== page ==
Businesses go where incentives are

Like it or not, local governments can't count on being able to attract, retain and grow businesses these days without the ability to offer them tax breaks and other incentives. Updating the terms of those tools to fit these difficult times makes sense, which is why the Wichita City Council decided last week that companies could qualify for extended incentives if they had fulfilled their commitments on at least two of three performance criteria — job creation, capital investment and cost-benefit ratio.

As Wichita City Council member Sue Schlapp said, emphasizing the need to be flexible in extending such benefits: "We all know in the economics of the world today, lots of other places would love to have what we have or what we're trying to get."

Still, the City Council could have been less clumsy in appearing to tweak its economic development incentive policy just enough to squeak through questionable tax-break extensions for Coleman Co. and Big Dog Motorcycles.

Worse, when the council approved the Big Dog deal on a 5-2 vote, its members reportedly were unaware that the company had hired an investment banker to explore a possible sale or merger. Plus, city documents about Big Dog listed its employment at 115 when the number actually has dwindled to 30 to 40 (from a 2005 high of 336).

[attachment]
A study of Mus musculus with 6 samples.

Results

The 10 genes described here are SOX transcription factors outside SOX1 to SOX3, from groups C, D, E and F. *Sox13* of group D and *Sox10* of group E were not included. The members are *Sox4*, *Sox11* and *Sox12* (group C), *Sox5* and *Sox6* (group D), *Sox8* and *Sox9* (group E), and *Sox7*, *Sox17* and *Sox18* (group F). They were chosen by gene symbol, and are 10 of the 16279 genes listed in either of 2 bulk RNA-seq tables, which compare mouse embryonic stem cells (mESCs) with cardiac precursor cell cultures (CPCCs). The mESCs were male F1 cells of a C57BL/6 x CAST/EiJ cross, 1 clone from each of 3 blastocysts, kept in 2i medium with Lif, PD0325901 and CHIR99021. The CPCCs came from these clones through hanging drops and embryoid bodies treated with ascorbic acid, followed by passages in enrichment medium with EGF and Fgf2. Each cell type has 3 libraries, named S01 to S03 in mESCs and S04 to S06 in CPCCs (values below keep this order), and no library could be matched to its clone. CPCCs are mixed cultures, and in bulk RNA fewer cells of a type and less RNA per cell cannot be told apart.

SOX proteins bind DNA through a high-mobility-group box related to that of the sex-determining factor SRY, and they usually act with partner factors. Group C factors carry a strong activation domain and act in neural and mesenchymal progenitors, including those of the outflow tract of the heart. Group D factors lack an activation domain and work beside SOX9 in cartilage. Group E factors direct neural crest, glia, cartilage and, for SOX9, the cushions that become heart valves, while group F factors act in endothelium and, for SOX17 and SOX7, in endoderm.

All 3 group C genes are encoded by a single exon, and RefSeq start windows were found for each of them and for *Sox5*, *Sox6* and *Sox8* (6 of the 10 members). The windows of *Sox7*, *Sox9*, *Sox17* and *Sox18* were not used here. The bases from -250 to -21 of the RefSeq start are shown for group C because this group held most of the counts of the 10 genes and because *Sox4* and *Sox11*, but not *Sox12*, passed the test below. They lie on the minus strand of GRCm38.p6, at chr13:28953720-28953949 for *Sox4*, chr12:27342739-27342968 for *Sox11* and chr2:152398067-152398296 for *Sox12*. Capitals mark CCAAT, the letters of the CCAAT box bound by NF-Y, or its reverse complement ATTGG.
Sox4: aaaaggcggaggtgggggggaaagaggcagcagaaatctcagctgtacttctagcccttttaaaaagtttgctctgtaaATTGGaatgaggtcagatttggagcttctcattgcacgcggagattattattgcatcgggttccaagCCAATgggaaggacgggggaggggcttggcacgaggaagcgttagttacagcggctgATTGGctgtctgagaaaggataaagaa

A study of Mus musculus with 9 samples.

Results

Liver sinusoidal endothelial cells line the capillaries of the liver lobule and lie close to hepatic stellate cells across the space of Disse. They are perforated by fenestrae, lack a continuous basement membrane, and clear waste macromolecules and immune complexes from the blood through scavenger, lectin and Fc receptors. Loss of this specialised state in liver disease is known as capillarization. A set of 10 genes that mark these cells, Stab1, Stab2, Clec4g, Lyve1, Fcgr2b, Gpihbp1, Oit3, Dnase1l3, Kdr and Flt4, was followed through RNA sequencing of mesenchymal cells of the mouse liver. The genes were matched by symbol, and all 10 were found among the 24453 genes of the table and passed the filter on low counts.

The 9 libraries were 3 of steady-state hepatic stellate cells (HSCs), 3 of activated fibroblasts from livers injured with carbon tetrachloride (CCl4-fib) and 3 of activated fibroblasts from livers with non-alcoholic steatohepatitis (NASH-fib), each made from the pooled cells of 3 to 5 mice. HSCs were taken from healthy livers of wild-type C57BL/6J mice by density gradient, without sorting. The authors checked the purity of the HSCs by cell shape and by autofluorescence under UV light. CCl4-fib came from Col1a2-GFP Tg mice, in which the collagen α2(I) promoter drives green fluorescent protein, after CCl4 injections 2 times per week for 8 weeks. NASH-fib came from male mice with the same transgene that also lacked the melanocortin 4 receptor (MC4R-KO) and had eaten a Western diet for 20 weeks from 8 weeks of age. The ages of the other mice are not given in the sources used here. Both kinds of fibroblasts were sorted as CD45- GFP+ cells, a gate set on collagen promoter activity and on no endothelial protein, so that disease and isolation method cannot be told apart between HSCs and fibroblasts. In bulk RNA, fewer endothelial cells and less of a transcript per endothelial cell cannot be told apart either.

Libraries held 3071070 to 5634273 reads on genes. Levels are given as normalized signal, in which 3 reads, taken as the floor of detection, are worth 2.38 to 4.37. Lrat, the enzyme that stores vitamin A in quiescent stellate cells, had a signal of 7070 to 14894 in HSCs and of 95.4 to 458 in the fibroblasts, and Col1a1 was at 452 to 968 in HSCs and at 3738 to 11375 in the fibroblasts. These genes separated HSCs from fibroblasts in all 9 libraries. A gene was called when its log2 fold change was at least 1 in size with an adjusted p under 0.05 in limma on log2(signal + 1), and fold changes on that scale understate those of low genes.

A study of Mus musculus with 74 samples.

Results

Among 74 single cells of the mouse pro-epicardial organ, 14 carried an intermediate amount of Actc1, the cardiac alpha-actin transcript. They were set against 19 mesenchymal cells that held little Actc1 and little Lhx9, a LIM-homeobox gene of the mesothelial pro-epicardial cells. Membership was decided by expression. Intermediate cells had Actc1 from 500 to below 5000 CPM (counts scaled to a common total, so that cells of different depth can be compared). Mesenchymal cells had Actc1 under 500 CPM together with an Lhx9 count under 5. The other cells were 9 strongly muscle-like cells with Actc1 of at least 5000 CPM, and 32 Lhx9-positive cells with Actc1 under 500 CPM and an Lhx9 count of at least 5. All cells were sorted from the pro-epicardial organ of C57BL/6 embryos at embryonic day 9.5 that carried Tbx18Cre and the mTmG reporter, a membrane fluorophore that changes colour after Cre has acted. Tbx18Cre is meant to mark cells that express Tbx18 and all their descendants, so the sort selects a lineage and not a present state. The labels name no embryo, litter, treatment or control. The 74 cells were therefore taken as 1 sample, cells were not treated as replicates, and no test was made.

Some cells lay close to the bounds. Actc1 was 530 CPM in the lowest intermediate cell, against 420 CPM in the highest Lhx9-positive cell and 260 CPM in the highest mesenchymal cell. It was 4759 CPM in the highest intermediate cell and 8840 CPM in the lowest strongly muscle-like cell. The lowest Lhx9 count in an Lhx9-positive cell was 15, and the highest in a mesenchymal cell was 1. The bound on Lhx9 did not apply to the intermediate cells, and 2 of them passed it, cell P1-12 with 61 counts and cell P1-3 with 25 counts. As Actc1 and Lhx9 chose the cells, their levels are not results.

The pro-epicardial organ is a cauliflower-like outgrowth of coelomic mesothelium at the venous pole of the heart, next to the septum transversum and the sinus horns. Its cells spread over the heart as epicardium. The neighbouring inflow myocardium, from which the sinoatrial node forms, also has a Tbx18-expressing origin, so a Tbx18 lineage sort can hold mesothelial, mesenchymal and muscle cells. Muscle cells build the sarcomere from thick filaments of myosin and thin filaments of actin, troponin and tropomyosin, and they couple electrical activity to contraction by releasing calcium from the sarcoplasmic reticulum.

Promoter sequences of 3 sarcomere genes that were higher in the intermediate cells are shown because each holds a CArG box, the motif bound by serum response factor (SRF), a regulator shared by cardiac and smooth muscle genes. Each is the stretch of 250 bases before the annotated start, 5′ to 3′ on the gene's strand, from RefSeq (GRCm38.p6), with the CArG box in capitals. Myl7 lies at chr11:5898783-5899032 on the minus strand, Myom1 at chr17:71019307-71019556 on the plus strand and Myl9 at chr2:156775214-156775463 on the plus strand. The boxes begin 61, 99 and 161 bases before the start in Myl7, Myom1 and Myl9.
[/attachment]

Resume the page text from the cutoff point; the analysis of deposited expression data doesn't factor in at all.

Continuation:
A policy meant to guide the use of tax abatements and other tools doesn't work well if decisions are based on faulty information.

And some would be skeptical that 189 temp-agency workers Coleman used in 2007 meet the company's job-creation commitment and qualify it now to keep its tax abatements for another year.

Mayor Carl Brewer rightly noted Coleman's proud place in Wichita's history and identity, though. "We don't put a dollar value on it," he said, but Coleman had a role, for example, in persuading USA Track & Field to pick Wichita for its 2011 Junior Olympics — an event expected to attract more than 6,500 athletes and have an economic impact of $11 million to $13 million.

"When partners need help, we should continue to help them," Brewer said.

Especially in this downturn, opting out of the economic development game altogether isn't an option for Wichita and Sedgwick County if the community wants to keep its economy strong long term.

That's why the Greater Wichita Economic Development Coalition has Dallas-based Site Selection Group at work studying the local work force and economic conditions and crafting a strategy for which industries to target and how to reel them in.

Tax breaks and public bonds and loans are hardly the Wichita area's only selling point to potential employers. The skilled work force, low cost of living, good schools, reasonable tax climate and other assets help, too.

But the reality is that, as Brewer said, "Businesses will go where they can get these incentives.... We have to be competitive."